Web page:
You completed your Concealed Weapons Permit (“CWP”) class and sent all the paperwork in. Confident that you were not going to have any issues getting your CWP, you submitted to a federal background check, passed it, and purchased a brand-new gun. Now you’re just waiting for the CWP. But you’re shocked when instead of a CWP, you receive a letter from the South Carolina Law Enforcement Division (“SLED”) telling you that your CWP has been denied. On the last page of the letter, you finally find their reason for denial. Is that the end of the road?
The answer is often NO.
Your Permit Was Denied… What’s Next?
There are steps you can take to appeal the decision by SLED. Keep in mind that it is possible to pass a firearm purchase background check and still be ineligible for a CWP. Simply passing the background check doesn’t mean you are automatically entitled to a CWP, or to legally possess either a gun or ammunition. 18 U.S.C. 922 governs who may legally possess a firearm and ammunition under federal law. Subsection (g) specifies those prohibited from owning or possessing guns and ammunition.
SLED Background Checks
The SLED background check for a CWP is more exhaustive than the background check to purchase a firearm. As well as enforcing federal law, South Carolina law precludes anyone from possessing a handgun if that person is convicted of a crime of violence in this state or any other state or territory of the United States, is a fugitive from justice, is a habitual drunkard, is a drug addict, or is mentally incompetent. Federal law is much more restrictive, and South Carolina will usually not issue a CWP if there is anything in the SLED background check that potentially would make owning a firearm illegal under federal law. The SLED background check process will not only review records in South Carolina but nationwide, through the National Crime Information Center. Often an arrest will show up in the SLED background check, causing a denial even if there was no conviction. The letter denying the CWP will inform the applicant that they can appeal the denial. The applicant is required to show that the charge was disposed of by dismissal or a not guilty verdict.
Prior to June 2, 2009, South Carolina did not have an automatic process for expunging old arrests, even if they did not result in a conviction. Since the 2009 change, if an arrest does not result in a conviction, South Carolina Magistrate’s Courts must expunge all information related to the underlying arrest. Prior to June 2, 2009, there was no requirement for non-conviction arrest records to be expunged from your criminal history record, and they will not be expunged unless you apply to the court for an expungement. There is still no requirement that more serious charges in the Court of General Sessions are to be expunged. So, for example, SLED will deny the issuance of a CWP when there is an assault and battery arrest from 40 years ago that did not result in a conviction.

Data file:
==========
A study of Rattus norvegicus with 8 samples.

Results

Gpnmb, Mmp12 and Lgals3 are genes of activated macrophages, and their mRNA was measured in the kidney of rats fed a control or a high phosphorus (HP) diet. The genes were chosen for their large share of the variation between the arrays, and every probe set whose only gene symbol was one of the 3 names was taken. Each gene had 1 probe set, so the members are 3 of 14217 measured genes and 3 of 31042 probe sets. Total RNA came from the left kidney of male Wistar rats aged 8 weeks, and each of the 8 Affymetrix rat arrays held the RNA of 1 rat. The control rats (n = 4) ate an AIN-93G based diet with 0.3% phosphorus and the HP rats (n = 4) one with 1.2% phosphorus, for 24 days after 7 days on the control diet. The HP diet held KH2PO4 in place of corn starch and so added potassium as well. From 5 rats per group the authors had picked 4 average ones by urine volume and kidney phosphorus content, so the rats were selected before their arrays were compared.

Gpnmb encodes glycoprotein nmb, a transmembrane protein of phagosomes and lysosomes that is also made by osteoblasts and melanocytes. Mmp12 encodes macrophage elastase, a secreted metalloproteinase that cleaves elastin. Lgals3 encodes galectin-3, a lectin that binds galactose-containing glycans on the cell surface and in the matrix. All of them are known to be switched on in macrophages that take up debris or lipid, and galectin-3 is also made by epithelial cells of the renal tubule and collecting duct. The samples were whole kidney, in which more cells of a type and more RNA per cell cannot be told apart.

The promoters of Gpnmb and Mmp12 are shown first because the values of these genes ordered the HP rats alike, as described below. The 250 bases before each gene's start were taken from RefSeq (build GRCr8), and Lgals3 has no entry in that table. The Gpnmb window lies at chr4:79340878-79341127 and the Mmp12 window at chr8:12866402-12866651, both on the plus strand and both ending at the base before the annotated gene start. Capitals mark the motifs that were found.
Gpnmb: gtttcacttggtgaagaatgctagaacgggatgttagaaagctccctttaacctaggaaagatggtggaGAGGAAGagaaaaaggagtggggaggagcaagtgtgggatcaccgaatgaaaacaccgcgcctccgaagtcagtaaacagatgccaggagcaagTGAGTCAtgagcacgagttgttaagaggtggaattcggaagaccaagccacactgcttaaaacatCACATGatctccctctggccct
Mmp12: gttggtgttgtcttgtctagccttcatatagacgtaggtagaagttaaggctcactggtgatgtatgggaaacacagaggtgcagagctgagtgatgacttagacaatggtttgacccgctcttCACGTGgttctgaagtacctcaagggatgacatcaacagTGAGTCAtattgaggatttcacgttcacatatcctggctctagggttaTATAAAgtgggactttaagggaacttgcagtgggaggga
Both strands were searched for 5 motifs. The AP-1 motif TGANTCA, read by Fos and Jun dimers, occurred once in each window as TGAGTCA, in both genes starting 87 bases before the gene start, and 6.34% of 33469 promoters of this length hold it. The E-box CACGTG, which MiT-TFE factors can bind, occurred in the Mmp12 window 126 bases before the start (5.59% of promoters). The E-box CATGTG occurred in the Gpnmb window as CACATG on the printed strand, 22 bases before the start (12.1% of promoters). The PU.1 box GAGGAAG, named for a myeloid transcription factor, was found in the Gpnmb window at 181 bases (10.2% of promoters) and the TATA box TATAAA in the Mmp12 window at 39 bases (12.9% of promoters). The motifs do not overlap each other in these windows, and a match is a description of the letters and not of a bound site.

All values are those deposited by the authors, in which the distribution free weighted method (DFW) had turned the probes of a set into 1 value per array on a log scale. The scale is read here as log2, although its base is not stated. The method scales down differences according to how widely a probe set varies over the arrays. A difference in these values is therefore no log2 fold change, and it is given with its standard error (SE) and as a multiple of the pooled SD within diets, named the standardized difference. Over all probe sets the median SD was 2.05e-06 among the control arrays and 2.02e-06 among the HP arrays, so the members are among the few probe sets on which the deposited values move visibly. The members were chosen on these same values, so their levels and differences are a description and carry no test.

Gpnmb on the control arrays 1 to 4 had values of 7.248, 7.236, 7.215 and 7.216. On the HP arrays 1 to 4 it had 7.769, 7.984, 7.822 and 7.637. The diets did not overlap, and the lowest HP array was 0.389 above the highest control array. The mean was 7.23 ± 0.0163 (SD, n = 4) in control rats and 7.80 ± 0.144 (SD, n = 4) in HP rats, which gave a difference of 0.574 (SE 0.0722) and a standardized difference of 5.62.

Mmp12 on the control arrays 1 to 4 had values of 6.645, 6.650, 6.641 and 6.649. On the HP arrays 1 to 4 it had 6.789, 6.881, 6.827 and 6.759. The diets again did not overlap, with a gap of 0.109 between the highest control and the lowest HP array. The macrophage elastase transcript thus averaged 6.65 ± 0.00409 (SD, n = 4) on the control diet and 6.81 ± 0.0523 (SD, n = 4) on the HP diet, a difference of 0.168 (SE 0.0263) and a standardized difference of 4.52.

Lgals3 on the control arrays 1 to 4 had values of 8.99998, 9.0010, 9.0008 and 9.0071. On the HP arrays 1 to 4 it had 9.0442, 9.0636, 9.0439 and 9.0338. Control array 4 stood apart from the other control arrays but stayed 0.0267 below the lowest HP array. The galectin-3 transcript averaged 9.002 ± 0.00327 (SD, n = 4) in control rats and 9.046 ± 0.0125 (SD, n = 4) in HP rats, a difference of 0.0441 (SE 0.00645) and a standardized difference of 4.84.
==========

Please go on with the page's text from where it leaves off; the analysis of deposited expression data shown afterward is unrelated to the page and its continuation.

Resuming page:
What Can You, the Applicant, Do?
As stated in the letter from SLED denying the application, the applicant will need to provide a certified copy of a disposition from the clerk of court in the jurisdiction in which they were arrested. However, that can be problematic because those old records may not exist anymore. In the alternative, if convicted, the applicant would need to provide a copy of a police incident report showing that the case did not arise from a criminal domestic incident. In the absence of those documents, a sworn affidavit explaining what happened and certifying to SLED that the case was a simple fight or argument that did not involve a domestic situation will likely rectify the problem for the applicant. Additionally, under the law, you may be entitled to an expungement of that criminal conviction. Further, certain felony convictions may be expunged. If the felony conviction is not expungable, it is sometimes possible to get a pardon, restoring your gun rights and once again qualifying you to possess a firearm and a CWP.
There are several other reasons that may disqualify an applicant from obtaining a CWP or that may need to be cleared up before SLED will issue the permit. If you have received such a denial letter from SLED and need guidance about how to proceed, or for any other firearm-related issue, please contact your U.S. LawShield Independent Program Attorney.
The information provided in this publication is intended to provide general information to individuals and is not legal advice. The information included in this publication may not be quoted or referred to in any other publication without the prior written consent of U.S. LawShield, to be given or withheld at our discretion. The information is not a substitute for, and does not replace the advice or representation of a licensed attorney. We strive to ensure the information included in this publication is accurate and current, however, no claim is made to the accuracy of the information and we are not responsible for any consequences that may result from the use of information in this publication. The use of this publication does not create an attorney-client relationship between U.S. LawShield, any independent program attorney, and any individual.